NEW YORK NURSE: April 2011
by Erin Silk
NYSNA members Nathan Sull and Dorothy Pierre have been chosen to participate in the American Nurses Advocacy Institute (ANAI), a national program that trains nurses interested in advocacy to “improve their political competence” and prepares them to become leaders in the legislative arena.
Sull is a registered nurse at Erie County Medical Center in Buffalo, where he is membership chair of his bargaining unit and a Legislative District Coordinator (LDC) for NYSNA. Pierre is a registered nurse at Kings County Hospital Center in Brooklyn. She is also an LDC and a member of NYSNA’s Delegate Assembly. Both attended the ANAI’s workshop in Washington D.C. in October where they networked with other members of the Institute and formulated their legislative focus.
The Institute’s preparatory workshops help participants learn to speak effectively about nursing’s legislative agenda. Sessions have consisted of topics including “How a Bill Doesn’t Become a Law,” presented by NYSNA’s Director of Governmental Affairs Shaun Flynn, or “Conducting a Political Environment Scan: Politics 101.” Visits to Congress and techniques for networking and coalition building are also integral to the year-long program.
The Institute is unique in that participants are charged with developing an action plan related to an issue of concern to their state nurses association. A mentor is assigned to help each participant with execution of the plan and participants provide regular progress updates to their mentors.
Sull is concentrating on the nurse-patient ratio bill, legislation that is a top priority for NYSNA. The bill is important to him because he believes reducing injuries at work, more responsible safeguards for staff and patients, and the prevention of on-the-job violence all hinge on establishing safe nurse-patient ratios. “The bottom line is that a national agenda to address safe patient ratios is a strong statement that we can do better for our patients and our nurses,” Sull said.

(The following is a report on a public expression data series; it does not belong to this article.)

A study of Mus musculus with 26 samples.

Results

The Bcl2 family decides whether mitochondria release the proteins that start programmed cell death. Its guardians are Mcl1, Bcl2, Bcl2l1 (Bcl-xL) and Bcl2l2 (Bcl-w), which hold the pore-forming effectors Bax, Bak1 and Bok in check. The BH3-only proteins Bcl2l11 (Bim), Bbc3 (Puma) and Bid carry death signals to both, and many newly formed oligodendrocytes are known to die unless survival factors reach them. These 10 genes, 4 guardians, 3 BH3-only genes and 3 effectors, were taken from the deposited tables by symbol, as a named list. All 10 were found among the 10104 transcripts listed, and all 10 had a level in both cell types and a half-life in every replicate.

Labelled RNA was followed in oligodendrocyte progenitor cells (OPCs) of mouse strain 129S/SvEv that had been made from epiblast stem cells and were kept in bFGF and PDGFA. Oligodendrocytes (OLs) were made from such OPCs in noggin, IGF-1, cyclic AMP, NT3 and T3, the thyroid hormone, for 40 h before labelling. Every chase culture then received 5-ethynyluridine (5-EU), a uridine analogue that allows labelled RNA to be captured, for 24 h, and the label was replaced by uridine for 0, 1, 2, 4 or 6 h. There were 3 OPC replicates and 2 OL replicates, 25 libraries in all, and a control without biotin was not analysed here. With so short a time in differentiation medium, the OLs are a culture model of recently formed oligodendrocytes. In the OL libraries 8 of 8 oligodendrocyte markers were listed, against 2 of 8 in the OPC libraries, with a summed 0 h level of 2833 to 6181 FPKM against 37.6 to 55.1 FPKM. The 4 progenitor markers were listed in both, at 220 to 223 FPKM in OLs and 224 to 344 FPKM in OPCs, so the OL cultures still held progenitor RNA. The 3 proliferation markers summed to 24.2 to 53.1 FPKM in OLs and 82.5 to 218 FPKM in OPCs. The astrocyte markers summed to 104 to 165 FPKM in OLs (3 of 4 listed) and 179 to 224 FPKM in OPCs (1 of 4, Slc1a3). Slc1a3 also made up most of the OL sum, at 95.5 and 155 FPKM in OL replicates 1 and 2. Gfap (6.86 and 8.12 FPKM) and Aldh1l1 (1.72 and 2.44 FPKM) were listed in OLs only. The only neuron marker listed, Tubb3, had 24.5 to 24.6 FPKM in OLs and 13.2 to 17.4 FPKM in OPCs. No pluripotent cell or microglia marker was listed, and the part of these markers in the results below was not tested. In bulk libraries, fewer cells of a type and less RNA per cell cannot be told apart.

Moved by the opportunity to hear the President speak at this summer’s ANA Convention, Sull enthused, “Yes we can. And yes we did. I am now part of that concept – working to accomplish the great nursing goals ahead of us.”
For Pierre, who has been a nurse for three years, training and retaining new nurses is a top concern. She hopes to encourage legislators to allocate more funding for the preceptor programs that are vital to keeping competent nurses practicing. “I feel passionate that new nurses must be mentored in order to succeed,” Pierre said.
She also hopes to bring about positive policy change on issues that affect Certified Registered Nurse Anesthetists (CRNAs) and patient care.
For more information about the ANAI, please visit www.rnaction.org.